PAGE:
Objectives: To evaluate the uptake and outcome of expectant management of spontaneous first trimester miscarriage in an early pregnancy assessment unit.
Participants: 1096 consecutive patients with a diagnosis of spontaneous first trimester miscarriage.
Methods: Each miscarriage was classified as complete, incomplete, missed, or anembryonic on the basis of ultrasonography. Women who needed treatment were given the choice of expectant management or surgical evacuation of retained products of conception under general anaesthesia. Women undergoing expectant management were checked a few days after transvaginal bleeding had stopped, or they were monitored at weekly intervals for four weeks.
Main outcome measures: A complete miscarriage (absence of transvaginal bleeding and endometrial thickness <15 mm), the number of women completing their miscarriage within each week of management, and complications (excessive pain or transvaginal bleeding necessitating hospital admission or clinical evidence of infection).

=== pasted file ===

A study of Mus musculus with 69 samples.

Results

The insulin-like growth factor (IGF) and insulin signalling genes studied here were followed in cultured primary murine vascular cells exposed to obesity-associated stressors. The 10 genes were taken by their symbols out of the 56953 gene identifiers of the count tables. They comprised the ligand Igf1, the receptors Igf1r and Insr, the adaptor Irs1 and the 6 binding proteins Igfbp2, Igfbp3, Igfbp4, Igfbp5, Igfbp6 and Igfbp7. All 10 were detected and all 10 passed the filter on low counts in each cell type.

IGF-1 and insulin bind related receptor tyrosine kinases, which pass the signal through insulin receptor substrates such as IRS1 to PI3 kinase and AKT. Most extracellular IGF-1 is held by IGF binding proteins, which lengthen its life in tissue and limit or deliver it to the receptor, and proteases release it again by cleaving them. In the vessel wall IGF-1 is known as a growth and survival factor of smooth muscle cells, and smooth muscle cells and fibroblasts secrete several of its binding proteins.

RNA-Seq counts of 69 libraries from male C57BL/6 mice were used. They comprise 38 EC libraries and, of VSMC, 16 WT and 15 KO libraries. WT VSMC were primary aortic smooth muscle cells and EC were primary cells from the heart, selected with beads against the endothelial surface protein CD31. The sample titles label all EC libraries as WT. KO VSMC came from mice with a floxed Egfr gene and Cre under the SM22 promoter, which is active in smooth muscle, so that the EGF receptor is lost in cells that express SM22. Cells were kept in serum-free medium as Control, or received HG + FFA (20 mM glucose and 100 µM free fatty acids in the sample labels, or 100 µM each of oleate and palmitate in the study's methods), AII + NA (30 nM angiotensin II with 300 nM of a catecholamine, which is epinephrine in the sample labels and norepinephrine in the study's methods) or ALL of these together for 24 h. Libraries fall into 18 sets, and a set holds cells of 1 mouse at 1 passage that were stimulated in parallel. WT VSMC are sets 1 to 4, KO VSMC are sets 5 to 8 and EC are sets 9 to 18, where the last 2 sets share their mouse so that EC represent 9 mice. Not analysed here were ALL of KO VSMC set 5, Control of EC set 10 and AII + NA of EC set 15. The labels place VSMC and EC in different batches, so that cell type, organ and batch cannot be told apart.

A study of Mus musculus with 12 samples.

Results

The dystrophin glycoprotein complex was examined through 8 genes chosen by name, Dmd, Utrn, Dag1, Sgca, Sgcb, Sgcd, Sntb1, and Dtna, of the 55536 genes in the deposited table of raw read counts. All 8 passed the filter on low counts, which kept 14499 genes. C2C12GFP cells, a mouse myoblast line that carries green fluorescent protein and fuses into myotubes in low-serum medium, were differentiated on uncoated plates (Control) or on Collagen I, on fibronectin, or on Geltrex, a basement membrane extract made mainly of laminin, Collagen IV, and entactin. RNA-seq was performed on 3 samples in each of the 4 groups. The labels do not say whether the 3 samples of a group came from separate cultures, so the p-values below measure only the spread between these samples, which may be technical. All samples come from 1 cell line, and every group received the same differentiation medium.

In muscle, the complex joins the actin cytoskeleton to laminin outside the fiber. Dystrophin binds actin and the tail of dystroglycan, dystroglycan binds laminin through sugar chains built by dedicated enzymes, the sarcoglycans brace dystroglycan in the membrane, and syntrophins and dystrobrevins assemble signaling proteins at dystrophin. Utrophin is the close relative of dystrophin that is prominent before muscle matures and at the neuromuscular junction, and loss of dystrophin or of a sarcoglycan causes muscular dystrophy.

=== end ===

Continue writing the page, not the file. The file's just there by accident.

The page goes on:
Results: Two patients with molar pregnancies were excluded, and 37% of the remainder (408/1094) were classified as having had a complete miscarriage. 70% (478/686) of women with retained products of conception chose expectant management; of these, 27 (6%) were lost to follow up. A successful outcome without surgical intervention was seen in 81% of cases (367/451). The rate of spontaneous completion was 91% (201/221) for those cases classified as incomplete miscarriage, 76% (105/138) for missed miscarriage, and 66% (61/92) for anembryonic pregnancy. 70% of women completed their miscarriage within 14 days of classification (84% for incomplete miscarriage and 52% for missed miscarriage and anembryonic pregnancy).
Conclusions: Most women with retained products of conception chose expectant management. Ultrasonography can be used to advise patients on the likelihood that their miscarriage will complete spontaneously within a given time.